When Tasha Chance and Carson Holtz were told as children that they had FASD (fetal alcohol spectrum disorder), they didn’t know what it meant.
What they did know was that they seemed to have more difficulty and need more help to do many things that most other children did and they often felt lonely and misunderstood.
What is known is that FASD is caused only by women drinking alcohol at any stage of pregnancy and that it is an invisible, permanent, brain-based physical disability which changes the brain function of those affected. These changes show up differently in each individual and can result in challenges in thinking processes, responses to stimuli, memory problems, and a wide variation between developmental and chronological age.
“I felt other people didn’t understand. I had few friends at school and I related to adults better,” said Chance, 19. “People don’t understand that because I have FASD I can’t do things. I was told that I would never learn to read and write but my foster mother taught me when I was 13. I like to read and I write poetry and stories and I graduated from high school.”
Holtz, 32, said he also had difficulty making friends as a child but now he is outgoing and has lots of friends.
“I’m a people person and I like to help people as much as I can. I speak at my church and I would like to have a chance to tell people more about what it is like to have FASD. I would like to have a group for people with FASD so we could discuss ways we could help ourselves and each other,” he said.
He also writes poetry and plays the guitar, and Chance plays guitar and sings. He lives on his own and Chance lives in a home share. Both have support from Community Living British Columbia as needed.
“The strength I see in both Carson and Tasha is that they are strong self-advocates. They find ways to make things happen for themselves and they realize that they need help with some things,” said Tamina De Montezuma, facilitator/Personalized Supports Initiative, Community Planning and Development, Community Living British Columbia.
Both Holtz and Chance say that they do not blame their birth mothers because they did not understand that drinking during pregnancy would harm their babies. And both want to do everything they can to make people aware of the risks of drinking while pregnant or planning to become pregnant.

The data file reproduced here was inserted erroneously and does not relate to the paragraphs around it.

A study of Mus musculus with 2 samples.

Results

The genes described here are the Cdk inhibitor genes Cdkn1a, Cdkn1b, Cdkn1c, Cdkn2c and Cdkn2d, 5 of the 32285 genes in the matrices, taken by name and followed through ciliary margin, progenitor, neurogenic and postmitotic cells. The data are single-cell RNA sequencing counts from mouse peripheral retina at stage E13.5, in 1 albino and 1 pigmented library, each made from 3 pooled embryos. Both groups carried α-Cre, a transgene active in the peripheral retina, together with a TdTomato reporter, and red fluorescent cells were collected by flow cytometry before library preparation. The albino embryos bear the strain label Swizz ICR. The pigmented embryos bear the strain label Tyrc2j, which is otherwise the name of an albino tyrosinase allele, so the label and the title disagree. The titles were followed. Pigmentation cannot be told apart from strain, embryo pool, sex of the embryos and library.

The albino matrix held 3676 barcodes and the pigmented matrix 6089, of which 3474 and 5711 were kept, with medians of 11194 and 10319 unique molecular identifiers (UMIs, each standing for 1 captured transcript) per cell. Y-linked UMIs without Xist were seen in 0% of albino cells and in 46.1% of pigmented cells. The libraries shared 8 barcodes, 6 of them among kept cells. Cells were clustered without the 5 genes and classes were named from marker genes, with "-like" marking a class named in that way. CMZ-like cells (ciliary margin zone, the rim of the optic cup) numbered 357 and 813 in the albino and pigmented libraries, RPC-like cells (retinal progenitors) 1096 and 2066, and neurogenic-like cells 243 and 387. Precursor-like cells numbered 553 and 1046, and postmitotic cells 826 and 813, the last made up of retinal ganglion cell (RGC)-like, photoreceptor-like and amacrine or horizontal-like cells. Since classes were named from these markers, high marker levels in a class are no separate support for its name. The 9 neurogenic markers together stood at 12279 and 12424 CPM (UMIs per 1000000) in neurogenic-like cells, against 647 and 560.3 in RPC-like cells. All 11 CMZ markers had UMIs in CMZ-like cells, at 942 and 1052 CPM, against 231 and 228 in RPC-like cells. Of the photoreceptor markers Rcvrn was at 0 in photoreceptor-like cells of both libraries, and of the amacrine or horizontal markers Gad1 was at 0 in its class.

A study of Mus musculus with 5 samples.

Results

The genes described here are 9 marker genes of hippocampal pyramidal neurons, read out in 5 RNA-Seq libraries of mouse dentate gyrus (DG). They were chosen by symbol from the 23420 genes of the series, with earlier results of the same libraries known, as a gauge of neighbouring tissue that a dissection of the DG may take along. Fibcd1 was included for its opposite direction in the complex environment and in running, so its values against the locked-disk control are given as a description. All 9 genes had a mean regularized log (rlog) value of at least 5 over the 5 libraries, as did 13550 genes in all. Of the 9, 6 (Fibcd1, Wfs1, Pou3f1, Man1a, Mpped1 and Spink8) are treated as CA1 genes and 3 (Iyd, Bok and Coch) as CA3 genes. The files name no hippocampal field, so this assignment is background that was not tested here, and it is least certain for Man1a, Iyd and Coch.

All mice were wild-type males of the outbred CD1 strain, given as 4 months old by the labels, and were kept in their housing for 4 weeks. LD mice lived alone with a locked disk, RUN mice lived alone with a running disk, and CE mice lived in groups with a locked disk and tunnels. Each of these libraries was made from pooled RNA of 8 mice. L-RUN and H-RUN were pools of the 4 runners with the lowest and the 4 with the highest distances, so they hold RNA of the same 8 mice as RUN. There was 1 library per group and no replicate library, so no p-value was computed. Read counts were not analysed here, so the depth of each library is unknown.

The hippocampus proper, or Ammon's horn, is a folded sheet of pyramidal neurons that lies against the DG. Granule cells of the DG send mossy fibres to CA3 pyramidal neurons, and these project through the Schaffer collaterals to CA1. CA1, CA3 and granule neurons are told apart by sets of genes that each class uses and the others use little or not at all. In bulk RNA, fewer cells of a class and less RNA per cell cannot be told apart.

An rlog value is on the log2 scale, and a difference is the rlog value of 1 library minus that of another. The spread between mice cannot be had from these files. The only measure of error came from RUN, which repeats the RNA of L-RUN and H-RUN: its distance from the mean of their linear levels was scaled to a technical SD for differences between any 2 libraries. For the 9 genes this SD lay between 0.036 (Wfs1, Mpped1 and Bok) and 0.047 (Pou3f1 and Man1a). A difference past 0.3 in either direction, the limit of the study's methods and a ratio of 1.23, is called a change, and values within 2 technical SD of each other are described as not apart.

“FASD is completely avoidable if you do not drink while pregnant,” said Holtz.
Chance added that while it is not certain that drug use during pregnancy also causes brain disability, she thinks it could and it is better not to use drugs while pregnant.
“I think it is important to let people know that you have FASD and that you need more patience and time and might do things differently but don’t let it stop you doing things. I used to lean on that, that I couldn’t do things as an excuse, but I can do things, I just need encouragement and support,” she said.
“Because FASD is not visible, sometimes people don’t know that you are disabled and think you are just annoying.”
Both felt they were well supported while growing up and that they continue to get what they need to do their best. They are well aware that many people with FASD are at risk for homelessness or trouble with the legal system because they are not properly diagnosed and do not receive the help they need.
“I do landscaping part time and volunteer at CMHA and at my church. I like to be busy and I am at peace in my church,” said Holtz.
A common problem for people with FASD is impulse control.
“I have really bad impulses. I spend and spend without thinking about the consequence. That gets me in trouble sometimes. I know I have to be really careful with money,” said Chance, who works part time at a restaurant.
“I do find I can control my behaviour if I am patient with myself and take the time to try to figure out ways I can handle things better. I have read a lot about it. I do art and talk to people. Writing helps me express my feelings and I have had some of my poetry published. I like swimming to stay active.”
Holtz said, “When I have an impulse, I act and it gets me in trouble sometimes but I work at it. I write poetry, too. And I do free-style rap at the Talk’n Donkey and some things at The Hub. I play hockey. I like to stay active and not get bored.”
Chance and Holtz will be speaking about living with FASD at FASD Day in Polson Park Sept. 9.
“What I want to say is that no one should drink when they are pregnant. And for people who have FASD that you have to work 10 times harder but things are achievable. Don’t give up. Be strong. You can’t take life for granted. Appreciate life every day.”
Chance’s message is, “These labels are put on you that you can’t do things but if the support is there, it is very possible to succeed in life.”
Everyone is invited to the family-oriented FASD Day activities in Polson Park Sept. 9, starting with a short awareness walk at noon. This will be followed by music from The Shags and Kat, and The Valentines, with lunch and speakers and more music.
“We want people to know that drinking alcohol while pregnant can lead to FASD in the child. It is 100 per cent preventable. It’s a choice,” said De Montezuma.
For more information on support for people with FASD see www.communitylivingbc.ca.